Controversial Yik Yak anonymous app is shutting down

Yik Yak is shutting down, with the location-based social network confirming today that it's game over for the anonymous messaging board system. The app was launched as a way for people in close proximity – often students on the same campus, much like where Yik Yak creators Tyler Droll and Brooks Buffington worked on the first version – to communicate. However, as greater attention was paid to cyber-bullying and online harassment, Yik Yak's potential role in that ended up getting more attention than its other features.

Several universities and colleges opted to ban the app, in fact, from their campuses. Indeed, a few went even further, and used the app as an excuse to ban smartphones from campus altogether. Among the more frequent concerns have been racist and other hate speech being shared anonymously by users.

In response, Yik Yak installed geofencing that prevented the app from being used within certain areas, primarily middle and high schools. It's not the only technical issue it has faced, mind. In late 2014, security researchers discovered a method by which anonymous accounts could be unmasked, and the identity of the person posting discovered.

Arguably, signs of the app's downward spiral were already clear. In December last year, approximately 60-percent of the Yik Yak team was laid off, for instance. The company pushed out a big update earlier this year, complete with a web version, but attention began to dwindle amid the rise of more popular messaging services like Snapchat.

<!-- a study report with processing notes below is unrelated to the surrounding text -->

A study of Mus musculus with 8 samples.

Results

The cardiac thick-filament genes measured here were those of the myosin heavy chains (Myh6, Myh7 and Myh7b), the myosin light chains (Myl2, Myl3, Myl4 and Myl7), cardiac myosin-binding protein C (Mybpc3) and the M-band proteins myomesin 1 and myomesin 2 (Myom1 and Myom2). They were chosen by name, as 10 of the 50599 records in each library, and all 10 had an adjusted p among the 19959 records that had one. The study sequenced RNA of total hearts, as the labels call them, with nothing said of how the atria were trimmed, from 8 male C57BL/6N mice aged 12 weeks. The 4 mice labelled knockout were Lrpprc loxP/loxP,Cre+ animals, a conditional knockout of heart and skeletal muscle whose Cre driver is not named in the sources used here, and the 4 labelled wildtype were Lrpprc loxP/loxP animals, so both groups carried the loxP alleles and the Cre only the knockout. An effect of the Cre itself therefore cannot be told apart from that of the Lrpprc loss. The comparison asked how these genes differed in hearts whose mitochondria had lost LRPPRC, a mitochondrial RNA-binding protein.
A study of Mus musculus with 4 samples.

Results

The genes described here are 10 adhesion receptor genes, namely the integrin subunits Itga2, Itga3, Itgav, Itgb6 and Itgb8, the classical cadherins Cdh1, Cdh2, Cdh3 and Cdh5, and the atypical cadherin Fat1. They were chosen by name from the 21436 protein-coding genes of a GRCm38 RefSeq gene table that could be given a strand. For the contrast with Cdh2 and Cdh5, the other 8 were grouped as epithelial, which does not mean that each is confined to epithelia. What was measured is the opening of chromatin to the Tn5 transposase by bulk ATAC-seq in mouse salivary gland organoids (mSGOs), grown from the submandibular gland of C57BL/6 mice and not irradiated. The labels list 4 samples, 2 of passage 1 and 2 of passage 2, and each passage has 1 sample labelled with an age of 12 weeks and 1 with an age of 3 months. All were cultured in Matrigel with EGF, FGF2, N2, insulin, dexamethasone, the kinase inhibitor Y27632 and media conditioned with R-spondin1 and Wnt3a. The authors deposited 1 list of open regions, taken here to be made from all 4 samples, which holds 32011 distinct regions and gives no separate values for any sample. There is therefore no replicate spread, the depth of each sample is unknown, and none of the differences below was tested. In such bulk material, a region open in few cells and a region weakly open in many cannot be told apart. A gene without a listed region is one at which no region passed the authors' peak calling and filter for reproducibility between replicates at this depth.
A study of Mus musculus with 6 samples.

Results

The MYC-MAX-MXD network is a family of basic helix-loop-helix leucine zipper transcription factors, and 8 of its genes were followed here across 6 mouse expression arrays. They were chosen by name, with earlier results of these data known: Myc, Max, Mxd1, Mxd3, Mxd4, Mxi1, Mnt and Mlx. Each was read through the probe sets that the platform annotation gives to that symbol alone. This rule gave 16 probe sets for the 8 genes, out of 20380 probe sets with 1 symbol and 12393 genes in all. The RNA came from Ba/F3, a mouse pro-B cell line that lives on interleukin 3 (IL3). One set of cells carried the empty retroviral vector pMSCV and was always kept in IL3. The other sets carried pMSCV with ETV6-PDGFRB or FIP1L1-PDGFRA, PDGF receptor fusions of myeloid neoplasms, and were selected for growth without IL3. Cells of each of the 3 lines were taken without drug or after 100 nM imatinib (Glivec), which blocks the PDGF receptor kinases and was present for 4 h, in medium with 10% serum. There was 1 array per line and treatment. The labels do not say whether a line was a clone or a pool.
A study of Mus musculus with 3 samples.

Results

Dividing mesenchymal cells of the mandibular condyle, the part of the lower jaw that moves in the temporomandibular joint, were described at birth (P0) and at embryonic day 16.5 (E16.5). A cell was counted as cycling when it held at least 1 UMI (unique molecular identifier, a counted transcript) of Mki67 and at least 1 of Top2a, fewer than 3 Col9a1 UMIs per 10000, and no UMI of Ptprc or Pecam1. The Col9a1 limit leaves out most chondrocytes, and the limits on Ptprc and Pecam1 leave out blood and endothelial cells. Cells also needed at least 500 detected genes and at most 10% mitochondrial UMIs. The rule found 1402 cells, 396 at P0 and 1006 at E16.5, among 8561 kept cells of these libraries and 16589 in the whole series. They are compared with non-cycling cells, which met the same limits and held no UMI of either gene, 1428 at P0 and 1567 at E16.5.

Now, the Yik Yak app will be shut down over the coming week, Droll and Buffington say. Some of the team that has been working on the app will be moving to payments service Square, while the creators will be looking ahead to "start tinkering around with what's ahead for our brand, our technology, and ourselves." Whether that means the Yik Yak brand will survive in some other form is unclear.

For those who used it, there are a few alternatives to Yik Yak still running. Jodel, Candid, and Whisper all offer some of the anonymous and location-based features that drew users to Yik Yak, though none quite emulates it fully. Meanwhile, some of the Yik Yak team have already released a new app, Hive, which is more akin to Slack for colleges than the anonymous gossiping of its predecessor.